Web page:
Oxford English Dictionary
Etymology: < Old French fantasie (French fantaisie ), (= Provencal fantazia , Spanish, Portuguese fantasía , Italian fantasia ), < Latin phantasia , < Greek ϕαντασία lit. ‘a making visible’, < ϕαντάζειν to make visible, < ϕαίνειν to show.
The senses of ϕαντασία . . . are: 1. appearance, in late Greek especially spectral apparition, phantom (so Latin phantasia . . .); 2. the mental process or faculty of sensuous perception; 3. the faculty of imagination. These senses passed through Old French into English, together with others (as delusive fancy, false or unfounded notion, caprice, etc.) . . . . The shortened form "fancy" . . . had in the time of Shakespeare become more or less differentiated in sense. . . .
2.a. A spectral apparition, phantom; an illusory appearance. Obs.
3.a. Delusive imagination, hallucination; the fact or habit of deluding oneself by imaginary perceptions or reminiscences. ? Obs.
b. A day-dream arising from conscious or unconscious wishes or attitudes.
4. a. Imagination; the process or the faculty of forming mental representations of things not actually present. (Cf. "fancy") . . . Extravagant or visionary fancy.
c. A product of imagination, fiction, figment.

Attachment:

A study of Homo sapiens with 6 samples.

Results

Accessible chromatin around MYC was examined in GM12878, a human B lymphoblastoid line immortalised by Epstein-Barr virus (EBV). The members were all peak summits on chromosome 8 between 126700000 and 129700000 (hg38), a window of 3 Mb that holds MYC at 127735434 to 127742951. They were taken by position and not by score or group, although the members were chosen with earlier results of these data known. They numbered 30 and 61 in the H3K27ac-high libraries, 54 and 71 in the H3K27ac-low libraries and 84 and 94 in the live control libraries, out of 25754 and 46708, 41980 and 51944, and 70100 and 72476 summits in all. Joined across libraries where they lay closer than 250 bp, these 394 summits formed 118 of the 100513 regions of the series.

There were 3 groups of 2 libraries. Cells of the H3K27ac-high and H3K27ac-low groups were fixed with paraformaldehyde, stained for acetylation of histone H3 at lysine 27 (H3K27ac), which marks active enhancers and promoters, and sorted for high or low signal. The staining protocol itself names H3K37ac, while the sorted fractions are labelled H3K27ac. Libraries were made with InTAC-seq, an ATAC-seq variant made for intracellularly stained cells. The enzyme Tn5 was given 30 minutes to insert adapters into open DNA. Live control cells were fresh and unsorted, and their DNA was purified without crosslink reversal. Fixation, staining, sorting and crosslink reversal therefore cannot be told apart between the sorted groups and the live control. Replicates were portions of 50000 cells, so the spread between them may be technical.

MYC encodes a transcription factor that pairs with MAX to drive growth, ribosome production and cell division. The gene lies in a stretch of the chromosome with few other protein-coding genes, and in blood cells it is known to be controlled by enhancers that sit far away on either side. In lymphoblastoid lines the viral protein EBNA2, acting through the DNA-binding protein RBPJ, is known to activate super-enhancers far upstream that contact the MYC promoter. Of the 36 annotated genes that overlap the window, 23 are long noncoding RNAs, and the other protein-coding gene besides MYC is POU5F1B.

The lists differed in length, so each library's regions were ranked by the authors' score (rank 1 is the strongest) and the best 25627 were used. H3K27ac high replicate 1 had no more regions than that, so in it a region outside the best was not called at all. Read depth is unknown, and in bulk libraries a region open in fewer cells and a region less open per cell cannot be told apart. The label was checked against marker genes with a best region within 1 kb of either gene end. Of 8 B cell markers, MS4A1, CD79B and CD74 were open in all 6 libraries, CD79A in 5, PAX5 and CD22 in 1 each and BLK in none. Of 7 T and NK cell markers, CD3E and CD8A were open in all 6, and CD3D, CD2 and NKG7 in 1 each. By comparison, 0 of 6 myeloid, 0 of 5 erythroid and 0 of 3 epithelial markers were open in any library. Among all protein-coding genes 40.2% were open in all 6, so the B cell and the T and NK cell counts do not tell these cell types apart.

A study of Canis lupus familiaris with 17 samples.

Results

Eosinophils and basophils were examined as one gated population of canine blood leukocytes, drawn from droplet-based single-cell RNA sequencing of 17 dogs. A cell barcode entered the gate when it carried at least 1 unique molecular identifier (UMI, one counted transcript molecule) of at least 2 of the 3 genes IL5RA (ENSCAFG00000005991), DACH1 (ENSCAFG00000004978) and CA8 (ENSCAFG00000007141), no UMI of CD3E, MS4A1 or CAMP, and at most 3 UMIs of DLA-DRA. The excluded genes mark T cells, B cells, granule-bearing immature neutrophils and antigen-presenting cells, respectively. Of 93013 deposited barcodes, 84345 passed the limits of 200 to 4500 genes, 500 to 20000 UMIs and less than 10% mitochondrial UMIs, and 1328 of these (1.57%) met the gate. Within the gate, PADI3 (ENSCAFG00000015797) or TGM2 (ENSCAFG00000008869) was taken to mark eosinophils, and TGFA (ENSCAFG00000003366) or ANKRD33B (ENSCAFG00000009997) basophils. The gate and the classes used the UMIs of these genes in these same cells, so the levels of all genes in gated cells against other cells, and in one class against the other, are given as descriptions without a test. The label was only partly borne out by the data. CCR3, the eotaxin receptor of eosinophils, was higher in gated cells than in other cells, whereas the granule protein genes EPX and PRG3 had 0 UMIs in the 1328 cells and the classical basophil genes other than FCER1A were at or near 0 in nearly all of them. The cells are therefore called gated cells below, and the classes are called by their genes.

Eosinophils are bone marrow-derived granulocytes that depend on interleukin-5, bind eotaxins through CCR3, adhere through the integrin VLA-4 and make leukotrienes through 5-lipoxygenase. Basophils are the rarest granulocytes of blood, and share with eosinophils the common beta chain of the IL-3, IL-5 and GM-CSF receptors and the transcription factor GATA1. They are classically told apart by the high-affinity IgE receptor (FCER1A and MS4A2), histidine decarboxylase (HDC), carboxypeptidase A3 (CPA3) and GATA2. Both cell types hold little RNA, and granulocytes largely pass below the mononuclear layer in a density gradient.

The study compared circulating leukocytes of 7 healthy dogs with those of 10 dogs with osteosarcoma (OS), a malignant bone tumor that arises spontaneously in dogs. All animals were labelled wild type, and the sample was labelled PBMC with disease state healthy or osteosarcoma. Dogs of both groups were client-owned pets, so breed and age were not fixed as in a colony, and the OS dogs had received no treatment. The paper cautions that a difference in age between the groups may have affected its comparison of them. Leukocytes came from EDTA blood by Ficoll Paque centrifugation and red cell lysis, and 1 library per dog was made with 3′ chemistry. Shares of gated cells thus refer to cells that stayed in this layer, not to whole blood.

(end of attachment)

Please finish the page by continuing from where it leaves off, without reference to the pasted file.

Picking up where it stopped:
f. A genre of literary compositions: F. Brown, Angels and Spaceships 9 "Fantasy deals with things that are not and cannot be. Science fiction deals with things that can be, that some day may be."
5.a. A supposition resting on no solid grounds; a whimsical or visionary notion or speculation.
email from UHCL LITR BA Brittany Fletcher:
. . . We go to book stores and libraries and the Fantasy section is mixed in with Sci-fi because they are so closely related today, whereas that was not always the case.
Harry Potter and Twilight are unfortunately the biggies of today! Ha!
But some other known popular selections may be The Hunger Games, The Sookie Stackhouse series (the True Blood TV show), Eragon series, the Percy Jackson series, these are the more young adult fantasy series.
Perhaps Stephen King's Gunslinger series in some would argue.
The question could be raised as to why Fantasy mostly comes in form of series today? I think this genre would make for some great classroom discussion on how the definition has become blurry . . . .
Dr. White adds:
Fantasy has an Anglophilic sheen: adventures seem mostly to occur in some Medieval / Renaissance European settings.
+ Christian fantasy (as in C.S. Lewis's Lion, Witch, Wardrobe series) places its Anglophilia in the Victorian-Edwardian era of the late 1800s-early 1900s.
Harry Potter is highly Anglo--plus the name of Perceval "Percy" Jackson relocates fantasy to a past mixed from European chivalry and Greek mythology.